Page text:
Let’s take three sentences:

  1. Lions are roaring
  2. Dogs are barking
  3. Children are screaming

There is a certain similarity between the words across these sentences. Along the vertical lines we can distinguish two groups of lexemes: a) lions-dogs-children, and b) roar-bark-scream. Such vertical links in a text are called paradigmatic. Actually, all synonymic, antonymic, thematic and other notional groups of words are paradigmatic in character.

The horizontal analysis of the above sentences gives us three syntagmatic groups: a) lions-roar, b) dogs-bark, and c) children-scream.

Eventually, language skills depend on how well a learner masters paradigmatic and syntagmatic semantic fields. Plus grammar, of course.

In my previous blogs I spoke mostly about paradigmatic groups. This time I’m going to focus on syntagmatic (horizontally connected) combinations. The thing is that there exists a certain mutual expectancy between elements of syntagmatic fields. Answering the question about sounds produced by living beings, we’ll sooner say that lions roar and dogs bark, rather than *lions bark and *dogs roar. With children, however, the expectancy is much lower. Children not only scream, but they can also laugh, talk, shout, make noise, etc. Word combinations with a certain degree of horizontal expectancy, or predictability, are called collocations.

The notion of collocation focuses our attention on how much the preceding word may predict the following word. For example, sentences with like give us no clue about which word will come next. Almost anything that exists can be liked. Combinations with like are not collocations but free combinations. By contrast, the lexical items involved in a collocation, occur regardless of the interests or personality of the individual user. All mature native speakers use such sequences as commit a crime and not, say, *commit a task, even though the sense of carry out would be applicable in the latter case. And everyone says monumental ignorance, not *monumental brilliance.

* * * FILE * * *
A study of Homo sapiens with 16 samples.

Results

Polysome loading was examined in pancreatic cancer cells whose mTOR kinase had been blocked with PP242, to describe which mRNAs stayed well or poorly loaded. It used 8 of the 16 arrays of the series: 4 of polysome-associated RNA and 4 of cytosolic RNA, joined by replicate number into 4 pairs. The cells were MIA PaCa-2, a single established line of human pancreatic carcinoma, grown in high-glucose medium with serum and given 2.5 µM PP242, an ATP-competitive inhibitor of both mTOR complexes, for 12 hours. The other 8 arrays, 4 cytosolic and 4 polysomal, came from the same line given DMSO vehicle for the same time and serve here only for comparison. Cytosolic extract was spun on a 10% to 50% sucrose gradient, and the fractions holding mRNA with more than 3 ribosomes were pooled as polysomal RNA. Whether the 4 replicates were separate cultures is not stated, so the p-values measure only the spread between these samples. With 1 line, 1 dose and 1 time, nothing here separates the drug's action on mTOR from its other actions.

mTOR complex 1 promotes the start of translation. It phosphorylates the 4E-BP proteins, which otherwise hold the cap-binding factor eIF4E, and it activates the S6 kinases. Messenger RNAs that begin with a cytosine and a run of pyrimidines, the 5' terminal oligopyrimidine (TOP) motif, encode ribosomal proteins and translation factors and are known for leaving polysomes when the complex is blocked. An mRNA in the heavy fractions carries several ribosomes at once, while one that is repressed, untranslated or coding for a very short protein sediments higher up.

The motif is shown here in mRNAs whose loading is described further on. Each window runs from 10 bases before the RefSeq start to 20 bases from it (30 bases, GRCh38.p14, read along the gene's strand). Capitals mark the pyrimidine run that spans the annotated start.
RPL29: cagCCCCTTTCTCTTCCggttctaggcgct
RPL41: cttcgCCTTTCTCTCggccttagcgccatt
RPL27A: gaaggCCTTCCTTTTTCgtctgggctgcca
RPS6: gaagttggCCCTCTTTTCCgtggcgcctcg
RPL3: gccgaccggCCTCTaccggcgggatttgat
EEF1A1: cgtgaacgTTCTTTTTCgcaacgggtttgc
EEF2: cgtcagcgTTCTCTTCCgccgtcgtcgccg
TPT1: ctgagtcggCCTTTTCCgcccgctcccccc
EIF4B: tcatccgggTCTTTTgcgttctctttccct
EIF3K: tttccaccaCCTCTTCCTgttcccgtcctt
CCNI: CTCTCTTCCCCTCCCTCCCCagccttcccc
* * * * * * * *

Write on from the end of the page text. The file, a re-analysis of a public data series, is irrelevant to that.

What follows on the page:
Collocations may occur with apparent disregard for the observable situation to which they relate: we may be green with envy, and a book may have a purple passage, although no such colors are evident on the face or page. Collocations cannot be predicted from a knowledge of the world: depending upon how much milk we add into coffee and what kind of coffee it is, and how concentrated it is, the color of the coffee may be beige, buff, fawn, khaki, bronze, copper, amber, and various other shades of brown, but we normally call it white.

As it was mentioned, the predictability in collocations varies. It may be rather weak: heavy collocates with quite a diverse range of items (loss, wear, traffic, burden, defeat, etc.) Sometimes the predictability is rather strong: auspicious collocates mostly with occasion and a few other closely related items (event, moment, etc.). Sequences of words which are so highly predictable that they allow very little or no change in their elements (spick and span, run amok, etc.) are called set expressions, or idioms.